The move by Cooper, who now sits on the board as a non-executive director but still owns 7.5 per cent of issued share capital, will surely have pleased new boss Shaun Morton. 

The share price bounce provided some relief to investors, given the weak performance this year. The shares have fallen by more than a third this year as investors priced in concerns around consumer demand and trading uncertainty. 

For the half-year to March 31, revenue rose by 38 per cent to £73.2mn and the pre-tax loss narrowed by £1mn to £6mn. Given that the company tends to make most of its profit in the second half of the year there is scope for cautious optimism here as it continues its push into the “premium” end of the market. While value holiday performance hasn’t yet recovered to pre-pandemic levels, the total transaction value of premium holidays booked in the latest half was 17 per cent ahead.

Recent updates support the idea that the outlook for travel demand is resilient despite headwinds around consumer spending. Airline shares such as easyJet and British Airways owner International Consolidated Airlines reported strong growth in passenger numbers. 

Broker Shore Capital argued that if On the Beach can “replicate its short-haul value share of around 20 per cent by leveraging its established brand awareness, existing customer base and investments across the larger addressable market, we see scope for it to more than double its revenue base”. 

The company’s shares trade hands at seven times forward earnings, according to consensus analyst data on FactSet. This represents a steep discount to the five-year average of 21 times. 

Hiscox chair takes plunge on results day

Lloyds syndicate insurer Hiscox is benefiting from a grisly but favourable commercial environment. The pandemic, war, and environmental disasters have meant higher insurance rates. This was apparent in the company’s half-year results to June 30. Rates were up by 9 per cent in London, with property lines posting the strongest uplift — household market premiums rose by 27 per cent.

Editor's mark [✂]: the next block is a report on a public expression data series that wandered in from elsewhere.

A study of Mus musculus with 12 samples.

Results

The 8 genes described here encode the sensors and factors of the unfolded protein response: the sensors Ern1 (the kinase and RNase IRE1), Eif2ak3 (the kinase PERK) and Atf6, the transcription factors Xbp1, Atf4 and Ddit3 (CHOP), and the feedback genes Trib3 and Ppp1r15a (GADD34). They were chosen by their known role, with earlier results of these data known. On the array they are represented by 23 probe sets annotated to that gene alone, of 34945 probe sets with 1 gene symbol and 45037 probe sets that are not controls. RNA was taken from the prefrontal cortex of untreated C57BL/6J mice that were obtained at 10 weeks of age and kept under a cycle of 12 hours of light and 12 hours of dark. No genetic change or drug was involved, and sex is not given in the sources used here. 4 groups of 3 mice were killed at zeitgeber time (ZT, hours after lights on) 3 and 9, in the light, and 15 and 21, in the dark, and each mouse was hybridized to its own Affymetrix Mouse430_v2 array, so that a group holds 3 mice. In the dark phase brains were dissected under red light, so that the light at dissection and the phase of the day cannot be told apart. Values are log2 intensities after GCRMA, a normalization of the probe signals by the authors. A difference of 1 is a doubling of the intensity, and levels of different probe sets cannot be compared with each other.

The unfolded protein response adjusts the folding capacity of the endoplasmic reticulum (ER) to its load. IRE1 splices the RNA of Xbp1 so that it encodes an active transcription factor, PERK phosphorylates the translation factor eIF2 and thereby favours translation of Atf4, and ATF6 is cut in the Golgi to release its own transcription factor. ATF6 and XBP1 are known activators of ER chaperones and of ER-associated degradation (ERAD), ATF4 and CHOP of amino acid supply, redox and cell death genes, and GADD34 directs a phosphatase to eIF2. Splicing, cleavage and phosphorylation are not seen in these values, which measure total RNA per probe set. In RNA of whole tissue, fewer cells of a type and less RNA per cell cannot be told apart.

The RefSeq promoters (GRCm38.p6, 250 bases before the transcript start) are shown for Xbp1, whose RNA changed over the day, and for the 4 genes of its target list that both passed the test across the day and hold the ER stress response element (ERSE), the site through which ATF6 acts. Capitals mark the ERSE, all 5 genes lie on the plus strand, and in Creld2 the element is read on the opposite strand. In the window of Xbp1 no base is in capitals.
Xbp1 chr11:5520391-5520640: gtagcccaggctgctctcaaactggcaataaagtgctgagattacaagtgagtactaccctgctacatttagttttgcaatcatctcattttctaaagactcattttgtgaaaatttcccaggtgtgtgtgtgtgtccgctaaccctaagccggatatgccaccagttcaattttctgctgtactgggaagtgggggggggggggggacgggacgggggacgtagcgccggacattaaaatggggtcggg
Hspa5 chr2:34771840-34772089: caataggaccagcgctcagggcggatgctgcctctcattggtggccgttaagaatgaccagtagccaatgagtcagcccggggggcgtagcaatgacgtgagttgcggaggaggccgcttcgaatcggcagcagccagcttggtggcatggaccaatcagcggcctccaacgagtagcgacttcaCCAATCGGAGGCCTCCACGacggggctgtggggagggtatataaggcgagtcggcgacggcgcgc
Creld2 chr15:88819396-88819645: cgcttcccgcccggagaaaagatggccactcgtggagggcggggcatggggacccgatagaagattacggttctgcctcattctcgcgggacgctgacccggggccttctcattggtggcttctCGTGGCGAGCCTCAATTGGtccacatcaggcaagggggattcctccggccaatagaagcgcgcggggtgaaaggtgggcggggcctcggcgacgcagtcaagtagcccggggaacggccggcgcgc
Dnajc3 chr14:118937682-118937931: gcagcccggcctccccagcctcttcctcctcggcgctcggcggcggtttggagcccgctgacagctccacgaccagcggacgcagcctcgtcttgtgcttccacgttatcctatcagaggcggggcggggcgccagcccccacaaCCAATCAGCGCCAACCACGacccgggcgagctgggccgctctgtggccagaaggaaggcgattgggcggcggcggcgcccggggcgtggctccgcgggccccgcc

Chief executive Aki Hussain pointed to “disciplined underwriting and favourable market conditions” as the reasons behind the company’s performance. Pre-tax profit surged to $265mn (£209mn) from the $25mn recorded in the same period last year, with underwriting profits increasing by 60 per cent to $221mn. Higher bond yields also helped Hiscox’s investment return, which came in at $122mn for the half compared to a $214mn loss in 2022. 

Chair Jonathan Bloomer bought £210,000-worth of shares on results day as the share price slipped. Despite the progress in profitability, market sentiment was hit by a weaker outlook for the company’s retail businesses. Management guided for full-year headline retail growth to be in line with the half-year performance (mid-single digits), a downgrade from previous expectations, which sent the shares tumbling by 6 per cent. 

RBC Capital Markets analyst Derald Goh said that an “expected return on equity of around 19 per cent at current valuation levels leaves us neutral”. The investment bank calculates that Hiscox shares trade at 1.75 times book value and offer a 3 per cent yield. This isn’t unattractive, but there are valuation discounts and better yields available elsewhere in the insurance space.